Enforcing The No-smoking Law

Larry Price

It is an amazing piece of hopeful legislation. To begin with, it is 20 pages long. It has the longest web site address I have ever seen: http://www.hawaii.gov/health/healthy-lifestyles/tobacco/Smoke-Free.htm.

The intent of the law is to discourage smoking, especially to thwart the effects of second-hand smoke. Gone are “smoking” break rooms. The law gets very specific, naming prohibited areas within 20 feet of doorways, windows and ventilation intakes of enclosed or partially enclosed places of employment.


As to smoking in a fully open-air work-place like an outdoor construction site, the owners of the establishment have the legal right to declare them nonsmoking establishments simply by posting a sign that reads, “Smoking is Prohibited by Law.” It goes on to point out that a “No Smoking” symbol must be posted at the entrance to every public space and place of employment where smoking is prohibited by this new law.

The comical part of the law points out that the Hawaii Department of Health is tasked with enforcement of the law, but police may be called to issue a citation. The fines are stiff: up to $50 for individuals and up to $500 per violation for establishments, which may also have any permit or license suspended or revoked for the premises where the violation occurred.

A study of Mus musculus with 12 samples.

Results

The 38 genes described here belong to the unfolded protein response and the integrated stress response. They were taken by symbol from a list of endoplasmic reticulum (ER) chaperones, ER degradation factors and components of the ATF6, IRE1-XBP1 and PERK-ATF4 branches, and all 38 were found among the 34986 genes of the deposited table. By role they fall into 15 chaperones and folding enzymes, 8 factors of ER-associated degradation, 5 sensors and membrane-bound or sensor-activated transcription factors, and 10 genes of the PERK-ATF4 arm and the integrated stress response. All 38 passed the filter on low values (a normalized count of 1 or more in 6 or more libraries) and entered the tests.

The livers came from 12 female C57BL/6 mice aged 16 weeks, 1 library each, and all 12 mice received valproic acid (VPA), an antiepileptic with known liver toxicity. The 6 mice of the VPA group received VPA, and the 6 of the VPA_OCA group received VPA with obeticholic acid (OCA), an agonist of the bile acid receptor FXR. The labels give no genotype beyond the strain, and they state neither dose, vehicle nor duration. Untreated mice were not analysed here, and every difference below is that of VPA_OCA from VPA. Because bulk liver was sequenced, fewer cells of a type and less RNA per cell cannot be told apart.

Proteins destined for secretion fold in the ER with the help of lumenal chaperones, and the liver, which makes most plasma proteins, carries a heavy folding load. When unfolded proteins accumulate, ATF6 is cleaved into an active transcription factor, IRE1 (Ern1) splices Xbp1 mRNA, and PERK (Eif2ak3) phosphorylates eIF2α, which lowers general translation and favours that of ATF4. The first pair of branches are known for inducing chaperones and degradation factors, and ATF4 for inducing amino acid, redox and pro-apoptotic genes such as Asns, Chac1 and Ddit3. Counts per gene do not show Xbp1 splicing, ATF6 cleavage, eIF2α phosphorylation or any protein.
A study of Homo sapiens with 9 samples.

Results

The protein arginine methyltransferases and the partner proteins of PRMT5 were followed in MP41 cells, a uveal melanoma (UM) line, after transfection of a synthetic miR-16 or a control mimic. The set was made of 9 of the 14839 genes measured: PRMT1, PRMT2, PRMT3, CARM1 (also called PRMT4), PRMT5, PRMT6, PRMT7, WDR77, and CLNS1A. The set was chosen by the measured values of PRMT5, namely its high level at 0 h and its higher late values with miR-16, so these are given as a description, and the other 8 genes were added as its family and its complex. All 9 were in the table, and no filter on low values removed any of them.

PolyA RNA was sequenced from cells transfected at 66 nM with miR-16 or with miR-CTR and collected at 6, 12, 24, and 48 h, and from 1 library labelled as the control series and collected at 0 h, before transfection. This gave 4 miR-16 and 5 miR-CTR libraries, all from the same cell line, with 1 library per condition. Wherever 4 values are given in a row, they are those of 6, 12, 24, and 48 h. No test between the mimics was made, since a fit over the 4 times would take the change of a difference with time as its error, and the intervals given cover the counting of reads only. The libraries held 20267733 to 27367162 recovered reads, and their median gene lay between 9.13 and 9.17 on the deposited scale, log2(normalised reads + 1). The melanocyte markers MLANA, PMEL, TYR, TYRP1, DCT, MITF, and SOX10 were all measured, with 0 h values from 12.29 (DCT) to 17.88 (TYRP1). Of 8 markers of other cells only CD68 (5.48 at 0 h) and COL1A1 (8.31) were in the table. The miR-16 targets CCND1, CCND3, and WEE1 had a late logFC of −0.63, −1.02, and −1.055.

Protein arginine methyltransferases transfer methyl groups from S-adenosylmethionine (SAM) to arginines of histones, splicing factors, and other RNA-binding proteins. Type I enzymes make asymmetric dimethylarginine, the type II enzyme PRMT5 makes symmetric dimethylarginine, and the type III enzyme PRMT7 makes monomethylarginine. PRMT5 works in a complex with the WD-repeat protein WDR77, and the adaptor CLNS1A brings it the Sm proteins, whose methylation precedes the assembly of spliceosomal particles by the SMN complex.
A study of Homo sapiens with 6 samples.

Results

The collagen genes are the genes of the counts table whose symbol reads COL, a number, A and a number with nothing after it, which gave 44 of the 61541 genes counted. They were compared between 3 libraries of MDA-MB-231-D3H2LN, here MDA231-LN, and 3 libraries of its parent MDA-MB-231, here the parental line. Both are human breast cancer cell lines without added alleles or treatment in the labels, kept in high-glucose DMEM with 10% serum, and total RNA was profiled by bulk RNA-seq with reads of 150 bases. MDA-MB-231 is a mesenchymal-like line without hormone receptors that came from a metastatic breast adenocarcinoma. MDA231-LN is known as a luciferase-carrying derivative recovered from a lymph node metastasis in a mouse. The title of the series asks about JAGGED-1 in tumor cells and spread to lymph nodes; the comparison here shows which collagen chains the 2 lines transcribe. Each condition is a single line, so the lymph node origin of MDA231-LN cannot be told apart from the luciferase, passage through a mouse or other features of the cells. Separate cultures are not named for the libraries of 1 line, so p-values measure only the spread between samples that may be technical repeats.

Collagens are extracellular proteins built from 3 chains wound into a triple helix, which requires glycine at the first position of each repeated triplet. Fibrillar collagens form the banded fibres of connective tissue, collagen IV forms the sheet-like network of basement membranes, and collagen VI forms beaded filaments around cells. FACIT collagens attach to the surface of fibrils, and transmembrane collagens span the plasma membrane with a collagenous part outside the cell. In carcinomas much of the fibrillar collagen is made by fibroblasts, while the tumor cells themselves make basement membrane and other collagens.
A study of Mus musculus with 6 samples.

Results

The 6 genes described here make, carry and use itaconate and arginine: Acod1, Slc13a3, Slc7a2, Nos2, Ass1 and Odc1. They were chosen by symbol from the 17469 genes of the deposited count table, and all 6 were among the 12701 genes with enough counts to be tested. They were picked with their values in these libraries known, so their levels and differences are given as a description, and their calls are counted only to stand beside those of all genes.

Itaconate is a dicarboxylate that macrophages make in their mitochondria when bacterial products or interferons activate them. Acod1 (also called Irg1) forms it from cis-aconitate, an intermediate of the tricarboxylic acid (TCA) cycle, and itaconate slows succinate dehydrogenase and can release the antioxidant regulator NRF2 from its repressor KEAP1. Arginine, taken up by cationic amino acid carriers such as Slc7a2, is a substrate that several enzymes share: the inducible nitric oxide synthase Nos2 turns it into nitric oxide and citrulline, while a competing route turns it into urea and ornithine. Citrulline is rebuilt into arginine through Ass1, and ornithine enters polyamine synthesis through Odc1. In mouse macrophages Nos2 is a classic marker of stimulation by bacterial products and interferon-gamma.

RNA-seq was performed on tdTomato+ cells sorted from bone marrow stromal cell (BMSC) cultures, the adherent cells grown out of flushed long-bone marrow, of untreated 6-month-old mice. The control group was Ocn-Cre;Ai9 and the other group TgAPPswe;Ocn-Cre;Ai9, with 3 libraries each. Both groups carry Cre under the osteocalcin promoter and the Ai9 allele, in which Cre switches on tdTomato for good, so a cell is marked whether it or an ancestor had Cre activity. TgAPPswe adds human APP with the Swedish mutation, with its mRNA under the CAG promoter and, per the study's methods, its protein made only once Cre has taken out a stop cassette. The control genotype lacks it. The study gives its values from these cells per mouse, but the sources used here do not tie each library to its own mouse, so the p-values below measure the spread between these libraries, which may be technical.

It’s like the Department of Health does-n’t have enough trouble enforcing all the laws dealing with health and safety. Complying with the smoke-free law is serious and, in point of fact, ambitious when you consider the police have not been very successful in prosecuting individuals recently caught with stolen copper wiring.

If the DOH had specially trained under-cover smoking agents, this law might be enforceable. It would be like the vice or narcotic squads. They would have special tools to handle the culprits, things like video surveillance, wiretaps and special detention cells where they could grill the accused, knowing the addicted smokers couldn’t go for more than 30 minutes without a drag on a cigarette - maybe even special K-9 units that could sniff out illegal smokers hiding out in dark corners.

The real comical part of this new law is that the fines are right up there with other laws we have in Hawaii, but are for the most part unenforceable. The violation of the High Vehicle Occupancy (HOV) lane is $200. Same for the Zip Lane and the vaunted Litter Law. To date I have never seen any violators of these laws cited. I could be naive; however, I believe there is strong and convincing evidence that a mere sign by itself cannot enforce a law.

It seems strange that the law doesn’t use its clout to impose non-smoking education as remedy. It could have a provision like anger management for a spouse abuser, driver education for DUI infraction and rehabilitation programs for chemical addiction. Just a levied fine seems judicially naive.

No, I’m not a smoker or remotely suggesting that the law is unwarranted. Quite to the contrary, I believe if smokers could take a look inside their lungs and see the damage inhaled smoke causes to the human body, they would think twice before they took a drag on a cigarette. Of course, this is a free country. If you want to slowly kill yourself because it is your right to do so, then at least consider the innocent bystanders who respectfully disagree and don’t want to inhale secondhand smoke.

As if to prove the merit of the law, there is a place where it does allow smoking at any time, any place. Ironically, it is in state prison facilities, probably the only place where a sign warning of severe punishment for violating a law has any significant impact.